Threadleaf Sartwellia

Sartwellia flaveriae

Asteraceae (Sunflower Family)


Threadleaf sartwellia is a bushy, stiff-branched annual of the sunflower family that typically grows from 6 inches to 2 feet tall. It is the only species in this genus recorded in Texas. Its numerous leaves are threadlike, sticky and 1 to 2 inches long. The yellow composite flowers emerge from August through October. This plant is easily confused with perennial broomweed.


Threadleaf sartwellia grows in alkaline or gypsiferous soils and can form dense stands. Found in the Trans-Pecos and western Edwards Plateau regions of Texas, it is especially common along highways in Reeves, Loving and Ward counties.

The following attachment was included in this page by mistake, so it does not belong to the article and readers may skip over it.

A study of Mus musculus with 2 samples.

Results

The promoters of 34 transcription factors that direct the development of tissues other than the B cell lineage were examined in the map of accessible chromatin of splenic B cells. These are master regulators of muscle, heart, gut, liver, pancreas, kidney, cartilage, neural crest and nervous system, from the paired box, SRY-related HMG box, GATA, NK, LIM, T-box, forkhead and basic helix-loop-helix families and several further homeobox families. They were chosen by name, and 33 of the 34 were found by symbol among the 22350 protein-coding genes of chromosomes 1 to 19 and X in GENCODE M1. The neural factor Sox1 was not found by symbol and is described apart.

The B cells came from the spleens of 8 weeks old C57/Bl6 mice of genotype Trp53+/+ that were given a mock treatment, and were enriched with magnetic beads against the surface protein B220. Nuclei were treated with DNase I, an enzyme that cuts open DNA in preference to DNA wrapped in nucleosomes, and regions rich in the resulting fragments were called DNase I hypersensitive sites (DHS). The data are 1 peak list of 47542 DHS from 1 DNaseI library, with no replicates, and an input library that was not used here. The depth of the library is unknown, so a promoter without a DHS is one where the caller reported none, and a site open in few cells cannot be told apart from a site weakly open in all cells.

Toxic Agent

The toxic agent is unknown. Poisoning has been demonstrated only in goats. The toxic dose is 1.5 to 3.0 percent of the animal's weight in green plant material.

Signs of Livestock Ingestion

Signs documented in rangeland situations include: Gradual loss of weight despite normal appetite; Distended abdomen.

In feeding experiments, goats ate the plant readily until signs of anorexia appeared within 6 to 28 days. They died after continued forced feeding. Postmortem examination has revealed kidney damage and liver necrosis with numerous grayish yellow areas throughout.

Management Strategies

Remove goats with poisoning signs from infested areas and give them good-quality feed and water. Good grazing management practices that provide a variety of forage plants should limit threadleaf sartwellia consumption.